Study Rules Out Heart Problem Risks With ADHD Meds
NORTH TEXAS (CBS 11 NEWS) - A new safety study is helping ease the minds of millions of parents who have children with Attention Deficit-Hyperactivity Disorder, or ADHD.
Researchers have now ruled out the risk of serious heart problems once associated with medications used to treat the syndrome, which effects more than five million children in the United States.
The study, published Tuesday in the New England Journal of Medicine, shows the risk of heart attack, stroke or sudden death is no greater for children who are on ADHD medicine compared to those who are not.
“The study does not surprise me,” said Texas Health psychiatrist Dr. Syed Quadri. “If used as prescribed they are very safe, but like every other medication there is a risk versus benefit.”
Ritalin is one of the most common drugs prescribed to treat ADHD, a condition characterized by hyperactivity, impulsivity and attention problems.
Rowan Hines, 11, of Fort Worth, was diagnosed with ADHD about two years ago, and takes Ritalin during the week to control his symptoms and help him focus on schoolwork.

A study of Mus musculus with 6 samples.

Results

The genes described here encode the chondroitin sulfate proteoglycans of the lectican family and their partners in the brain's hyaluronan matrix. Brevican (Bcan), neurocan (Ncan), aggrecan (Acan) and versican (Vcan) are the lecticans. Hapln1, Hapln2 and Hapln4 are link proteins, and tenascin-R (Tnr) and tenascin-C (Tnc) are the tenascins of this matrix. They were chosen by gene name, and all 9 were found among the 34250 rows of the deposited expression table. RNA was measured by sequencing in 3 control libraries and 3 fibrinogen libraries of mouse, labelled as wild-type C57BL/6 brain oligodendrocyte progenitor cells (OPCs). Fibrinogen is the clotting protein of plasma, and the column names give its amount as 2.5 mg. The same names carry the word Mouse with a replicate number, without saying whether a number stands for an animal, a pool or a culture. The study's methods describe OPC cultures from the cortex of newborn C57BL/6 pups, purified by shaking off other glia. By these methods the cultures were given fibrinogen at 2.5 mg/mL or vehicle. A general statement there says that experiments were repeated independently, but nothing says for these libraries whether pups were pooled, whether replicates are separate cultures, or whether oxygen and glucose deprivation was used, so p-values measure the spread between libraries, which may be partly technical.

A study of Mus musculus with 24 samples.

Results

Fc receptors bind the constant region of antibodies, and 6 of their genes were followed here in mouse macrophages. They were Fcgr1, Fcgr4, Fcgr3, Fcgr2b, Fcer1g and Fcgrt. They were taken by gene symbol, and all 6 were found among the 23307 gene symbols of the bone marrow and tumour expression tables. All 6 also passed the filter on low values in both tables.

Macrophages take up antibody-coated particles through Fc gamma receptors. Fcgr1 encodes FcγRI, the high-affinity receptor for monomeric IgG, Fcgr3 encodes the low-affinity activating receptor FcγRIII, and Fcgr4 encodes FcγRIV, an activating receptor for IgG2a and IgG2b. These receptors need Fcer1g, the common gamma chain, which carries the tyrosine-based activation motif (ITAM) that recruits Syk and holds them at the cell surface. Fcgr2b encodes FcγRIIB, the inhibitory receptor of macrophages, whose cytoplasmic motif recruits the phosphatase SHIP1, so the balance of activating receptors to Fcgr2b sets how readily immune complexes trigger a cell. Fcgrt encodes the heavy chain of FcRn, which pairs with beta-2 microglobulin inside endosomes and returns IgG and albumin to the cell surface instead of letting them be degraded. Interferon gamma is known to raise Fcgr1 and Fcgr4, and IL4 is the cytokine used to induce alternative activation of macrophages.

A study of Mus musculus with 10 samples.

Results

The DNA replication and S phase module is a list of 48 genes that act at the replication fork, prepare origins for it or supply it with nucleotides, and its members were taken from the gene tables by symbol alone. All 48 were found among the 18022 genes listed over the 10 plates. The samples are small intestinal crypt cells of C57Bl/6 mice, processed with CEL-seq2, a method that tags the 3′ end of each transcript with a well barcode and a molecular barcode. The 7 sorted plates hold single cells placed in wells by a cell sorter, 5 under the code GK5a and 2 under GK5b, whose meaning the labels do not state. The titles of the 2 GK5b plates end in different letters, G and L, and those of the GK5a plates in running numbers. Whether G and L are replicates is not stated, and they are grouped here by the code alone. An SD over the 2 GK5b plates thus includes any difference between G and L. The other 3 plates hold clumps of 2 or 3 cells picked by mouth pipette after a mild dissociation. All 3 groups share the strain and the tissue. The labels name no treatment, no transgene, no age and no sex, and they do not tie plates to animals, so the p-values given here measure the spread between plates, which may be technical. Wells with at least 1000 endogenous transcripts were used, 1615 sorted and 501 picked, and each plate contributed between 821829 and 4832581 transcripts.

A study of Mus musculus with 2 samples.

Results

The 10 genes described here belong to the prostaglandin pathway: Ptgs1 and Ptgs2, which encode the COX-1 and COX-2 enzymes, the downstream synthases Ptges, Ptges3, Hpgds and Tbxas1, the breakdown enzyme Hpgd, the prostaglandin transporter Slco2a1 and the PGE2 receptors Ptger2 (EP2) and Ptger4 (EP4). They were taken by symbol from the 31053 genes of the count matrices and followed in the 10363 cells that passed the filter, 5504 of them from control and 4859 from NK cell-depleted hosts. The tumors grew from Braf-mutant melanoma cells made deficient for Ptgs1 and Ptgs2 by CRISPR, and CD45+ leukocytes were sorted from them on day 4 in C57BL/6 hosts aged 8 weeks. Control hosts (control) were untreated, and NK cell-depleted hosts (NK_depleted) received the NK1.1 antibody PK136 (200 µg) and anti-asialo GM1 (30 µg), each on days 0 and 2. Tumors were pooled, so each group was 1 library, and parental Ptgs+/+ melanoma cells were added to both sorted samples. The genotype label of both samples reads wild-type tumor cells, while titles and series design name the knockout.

“It wasn’t necessarily something we wanted to do,” Rowan’s mother, Stephanie Hines, explained, “but after lots of research we found it was probably best to put him on a low dosage.”
Hines says she was concerned at first because of the heart risks once associated with the stimulant drugs, but the new study gives her reassurance.
The family has also found another way to curb Rowan’s disorder. The sixth grader started cycling with his father, Casey, last Spring.
Since starting the physical activity, his parents say they’ve seen a significant improvement in his behavior, so much so that he no longer needs his ADHD medication on weekends.
“He’s a big advocator of riding,” Hine’s said of her son. “It gives [him] those natural endorphins that your body does when you’re doing athletic activity.”
Hines said they plan to continue using Ritalin as long as Rowan needs it, but they’ll also explore other natural remedies, like cycling, to supplement his medication.